Optimizing Daylight in Different Buildings

Not all buildings are the same, and neither are their daylighting solutions
By Peter J. Arsenault, FAIA, NCARB, LEED AP

Advanced Computer Simulations for Daylighting Design

With an understanding of the significance of daylighting coupled with a grasp on the ways to optimize it in building design and construction, the question now becomes: How do we know if it will give us the desired results? The best way to answer that is to analyze options and determine outcomes using advanced computer modeling specifically for daylighting. Many architects are familiar with some architectural design software (CAD, BIM, etc.) that will do some rudimentary daylighting modeling showing shadow determination and radiance illumination inside buildings. Typically, these programs provide some basic information and have been used by many to get an overall sense of lighting in a building. Other stand-alone or add-on software programs are also used that look specifically at daylighting in a building.

All lighting design and analysis is fundamentally based on the ability to measure quantities of light. In this regard, the international standard is a lumen, which is a measure of luminous flux: the total quantity of visible light (energy) emitted from a source (the sun, artificial light, etc.) for a given unit of time. Since light that is visible to the human eye is actually made up of different wavelengths (hence different amounts of energy), the lumen is actually a weighted average of the makeup of the visible light. Lumens are great for a single point of light, but for architectural purposes, it is more important to know how much light is spread over a specific area (i.e., a square foot, square meter, etc.). Therefore, the more useful standard unit of measure is a lux, which measures the luminous flux (lumens) over a given area. It is standardized so that 1 lux is equal to 1 lumen of light per square meter.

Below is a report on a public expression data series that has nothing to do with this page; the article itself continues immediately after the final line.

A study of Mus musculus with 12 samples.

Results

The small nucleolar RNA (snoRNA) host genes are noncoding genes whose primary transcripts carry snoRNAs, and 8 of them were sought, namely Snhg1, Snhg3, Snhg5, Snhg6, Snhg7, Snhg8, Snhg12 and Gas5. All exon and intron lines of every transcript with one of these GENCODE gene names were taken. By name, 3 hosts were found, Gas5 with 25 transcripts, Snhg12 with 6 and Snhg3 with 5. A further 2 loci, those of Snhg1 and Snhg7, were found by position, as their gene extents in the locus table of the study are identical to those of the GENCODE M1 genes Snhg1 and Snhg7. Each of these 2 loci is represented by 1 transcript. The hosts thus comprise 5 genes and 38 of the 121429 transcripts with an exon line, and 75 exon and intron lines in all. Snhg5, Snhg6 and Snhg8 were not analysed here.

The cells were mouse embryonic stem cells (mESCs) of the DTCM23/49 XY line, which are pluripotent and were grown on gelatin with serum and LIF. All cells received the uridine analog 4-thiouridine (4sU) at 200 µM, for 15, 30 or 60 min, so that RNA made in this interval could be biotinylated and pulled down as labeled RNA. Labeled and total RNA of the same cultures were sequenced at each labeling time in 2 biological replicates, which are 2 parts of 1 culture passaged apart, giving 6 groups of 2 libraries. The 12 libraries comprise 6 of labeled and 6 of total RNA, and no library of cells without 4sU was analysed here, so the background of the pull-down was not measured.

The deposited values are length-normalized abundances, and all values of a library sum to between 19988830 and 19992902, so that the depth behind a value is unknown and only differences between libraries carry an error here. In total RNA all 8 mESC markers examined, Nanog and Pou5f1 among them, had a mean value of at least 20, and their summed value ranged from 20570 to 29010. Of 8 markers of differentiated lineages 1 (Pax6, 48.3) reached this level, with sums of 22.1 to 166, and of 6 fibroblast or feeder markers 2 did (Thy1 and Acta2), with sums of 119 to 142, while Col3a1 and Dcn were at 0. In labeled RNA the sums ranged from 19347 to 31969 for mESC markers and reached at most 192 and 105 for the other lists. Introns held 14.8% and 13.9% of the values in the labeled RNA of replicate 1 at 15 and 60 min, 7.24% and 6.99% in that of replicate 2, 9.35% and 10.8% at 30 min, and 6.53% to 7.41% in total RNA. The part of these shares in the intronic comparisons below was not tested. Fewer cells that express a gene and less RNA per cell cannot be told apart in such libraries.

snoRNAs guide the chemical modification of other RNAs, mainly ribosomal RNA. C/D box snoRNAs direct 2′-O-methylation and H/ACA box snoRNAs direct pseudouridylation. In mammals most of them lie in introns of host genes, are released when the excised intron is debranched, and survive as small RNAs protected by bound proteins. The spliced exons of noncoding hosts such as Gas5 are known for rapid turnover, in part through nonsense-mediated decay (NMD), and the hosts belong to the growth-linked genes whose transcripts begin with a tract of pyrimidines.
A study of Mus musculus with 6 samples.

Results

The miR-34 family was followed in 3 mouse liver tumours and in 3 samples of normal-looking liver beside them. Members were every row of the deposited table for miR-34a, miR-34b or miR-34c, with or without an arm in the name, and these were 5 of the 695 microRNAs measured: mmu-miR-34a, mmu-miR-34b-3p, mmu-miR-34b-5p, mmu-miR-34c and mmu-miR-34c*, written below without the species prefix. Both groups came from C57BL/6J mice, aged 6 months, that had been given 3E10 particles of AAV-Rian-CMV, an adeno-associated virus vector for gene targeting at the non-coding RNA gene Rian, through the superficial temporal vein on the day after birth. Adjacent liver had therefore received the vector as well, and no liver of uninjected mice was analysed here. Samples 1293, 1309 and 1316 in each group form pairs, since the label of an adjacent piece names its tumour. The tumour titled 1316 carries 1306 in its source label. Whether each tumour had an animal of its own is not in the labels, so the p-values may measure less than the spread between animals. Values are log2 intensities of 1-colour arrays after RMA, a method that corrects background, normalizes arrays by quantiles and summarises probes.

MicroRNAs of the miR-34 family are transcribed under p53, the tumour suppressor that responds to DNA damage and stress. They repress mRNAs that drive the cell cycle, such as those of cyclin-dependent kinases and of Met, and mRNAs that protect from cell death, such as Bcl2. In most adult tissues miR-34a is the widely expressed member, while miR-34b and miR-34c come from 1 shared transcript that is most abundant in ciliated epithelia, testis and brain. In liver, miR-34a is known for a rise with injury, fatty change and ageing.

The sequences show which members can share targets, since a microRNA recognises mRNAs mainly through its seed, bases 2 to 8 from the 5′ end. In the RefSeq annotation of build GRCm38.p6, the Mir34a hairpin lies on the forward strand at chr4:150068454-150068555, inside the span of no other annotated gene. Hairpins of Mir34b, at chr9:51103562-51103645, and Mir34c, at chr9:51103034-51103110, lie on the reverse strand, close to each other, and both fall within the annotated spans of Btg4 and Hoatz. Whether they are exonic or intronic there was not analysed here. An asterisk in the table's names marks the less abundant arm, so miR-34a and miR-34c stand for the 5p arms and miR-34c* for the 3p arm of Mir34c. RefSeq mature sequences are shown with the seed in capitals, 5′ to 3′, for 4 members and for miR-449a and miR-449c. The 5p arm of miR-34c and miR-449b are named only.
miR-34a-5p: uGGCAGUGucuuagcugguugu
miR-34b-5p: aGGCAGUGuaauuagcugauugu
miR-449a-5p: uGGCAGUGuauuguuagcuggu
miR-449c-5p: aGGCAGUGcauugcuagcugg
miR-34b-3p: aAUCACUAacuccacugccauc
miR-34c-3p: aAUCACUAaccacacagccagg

Using lux as the basic unit of measurement, direct sunlight has been measured to provide between 32,000 and 100,000 lux depending on time of day and local conditions. We all know that direct sunlight is very bright to the eye, so levels well below that are considered much more useful inside buildings. Generally, the range of ambient light should be between 300–3,000 lux to be considered desirable. Anything below this level generally requires supplemental electrical lighting, while above 3,000 lux is considered too bright for comfort. There are other standard terms and units of measure that are important to know as well when conducting daylighting simulations.

Daylight Simulations

Using the above as a basis, there are three basic types of simulations that have been commonly performed.

  • Radiance illumination simulation: This analysis can show the pattern of daylight on a floor plan with spot indicators and colorized shading to indicate the range of lux levels. It is common to look at specific points in time, such as the fall and spring equinoxes at early morning, noon, and late afternoon. Noon is most helpful for top lighting (most illuminance), while morning and afternoon are most telling for side lighting when the east/west exposures create a worst case for glare. This type of simulation can be done by selecting either sunny or overcast conditions, but overall, it provides limited information to make design decisions. Typically, sunny skies are chosen to see the most light available in a scenario.
  • Glare pattern analysis: It is possible to simulate the ‘hot spots’ where glare may become a problem if the lux levels get too high in any areas. A glare pattern analysis helps identify potential problem areas where visual acuity is critical. This is particularly useful for designers when a mix of translucent and transparent fenestration is used.
  • Daylight autonomy: This simulation is based on determining the average daylight values and the amount of time that the simulated space can be operational with daylight alone at a targeted light level. It is expressed as a percentage of the time that autonomy is achieved. Spatial daylight autonomy (sDA) coupled with annual sunlight exposure (ASE) are the more specific aspects of this type of simulation.

Images courtesy of Kalwall® Corporation

Daylight simulation using the latest computer software allows for accurate prediction of illumination from daylight and can determine the spatial daylight autonomy (sDA) of simulated spaces.